Cleveland City Council President Blaine Griffin, flanked by council members and a representative from RIP Medical Debt, announces plans to forgive residents' medical debts.
Cleveland City Council President Blaine Griffin, flanked by council members and a representative from RIP Medical Debt, announces plans to forgive residents' medical debts. Credit: Nick Castele / Signal Cleveland

Cleveland City Council on Monday slated federal coronavirus aid for forgiving residents’ medical debts. 

The legislation will spend $1.9 million in American Rescue Plan Act funds to buy patient debt for a penny on the dollar from local healthcare providers – and then wipe that debt away. 

A key question is whether healthcare providers will agree to sell their debt. RIP Medical Debt, the national nonprofit contracted by council for the project, is discussing debt purchases with Cleveland’s major hospitals, according to Keith Hearle, an advisor for the nonprofit. 

The nonprofit is competing with commercial debt collectors for those unpaid bills. Hearle said he believes RIP Medical Debt offers a fair market price for that debt, which it would then cancel. 

“We’re giving hospitals a choice between doing something really wonderful for patients, or selling their medical debt on the commercial debt market, in which case it goes through another round of collections,” he said at a news conference Monday. 

Hearle later told council that, while talks to buy debt are still ongoing, none of Cleveland’s hospitals had turned down the idea. 

Angela Smith, a Cleveland Clinic spokeswoman, wrote to Signal Cleveland that the hospital system was open to a conversation. 

“We have a high-level awareness of RIP Medical Debt but are not familiar with the program’s specific details. We are open to learning more and having discussions related to selling medical debt at a discount,” she wrote. 

The statement continued: “Cleveland Clinic provides free or discounted care to patients with incomes up to 400% of the federal poverty level and covers both hospital care and our employed physician services. In 2021, we provided financial assistance to nearly 140,000 patients who were unable to pay some or all of their medical bills.”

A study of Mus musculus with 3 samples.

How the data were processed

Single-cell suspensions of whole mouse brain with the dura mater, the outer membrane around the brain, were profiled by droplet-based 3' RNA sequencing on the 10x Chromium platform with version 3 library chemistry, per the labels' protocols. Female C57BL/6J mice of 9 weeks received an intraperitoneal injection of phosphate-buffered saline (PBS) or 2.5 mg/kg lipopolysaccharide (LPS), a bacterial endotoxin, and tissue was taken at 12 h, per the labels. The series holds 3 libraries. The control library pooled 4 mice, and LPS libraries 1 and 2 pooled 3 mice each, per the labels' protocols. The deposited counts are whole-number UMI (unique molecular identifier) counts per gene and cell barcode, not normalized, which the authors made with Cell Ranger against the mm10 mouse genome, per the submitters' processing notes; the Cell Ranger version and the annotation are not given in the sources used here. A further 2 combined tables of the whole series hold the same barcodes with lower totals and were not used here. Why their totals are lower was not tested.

A representative for the MetroHealth System said the public hospital was supportive of the concept. University Hospitals is also open to the idea, a spokesman said.

RIP Medical Debt plans to buy debt that could be a year old or even older. Hearle termed this “terminal bad debt,” the sort of debt that hospitals have already tried and failed to collect.

Residents won’t have to apply to have their debt forgiven. Instead, RIP Medical Debt will buy and forgive the debts of people who meet certain income thresholds. Households making up to 400% of the federal poverty guidelines would be eligible. Currently, the poverty line is $30,000 for a family of four

Also eligible are patients whose debt represents 5% or more of their annual household income. 

Other cities have also taken up RIP Medical Debt on its offer to buy residents’ old hospital bills. Toledo, Lucas County and Chicago’s Cook County have also embraced the idea

Despite being one of America’s poorest cities, Cleveland is home to major hospital systems that employ tens of thousands of people throughout the region. 

City Council members said the debt forgiveness measure would lift a burden from the backs of average residents. Council President Blaine Griffin said he expects the measure could help nearly 50,000 people. 

“The people that we’ve talked to in the neighborhoods are excited about this,” he said. “Everybody that we know in our neighborhoods are dealing with this kind of an issue. So we believe that this is an everyday-people issue in the city of Cleveland that council is addressing.”

Updated April 25 with comment from University Hospitals.

Government Reporter (he/him)
Nick joins us from the world of public radio. He has more than a decade experience covering politics and government in Cleveland and Cuyahoga County. In 2021, he produced and hosted "After Jackson: Cleveland's Next Mayor," an Ideastream Public Media podcast on the Cleveland mayoral race. He has also covered breaking news, opioid lawsuits and elections nationally for NPR.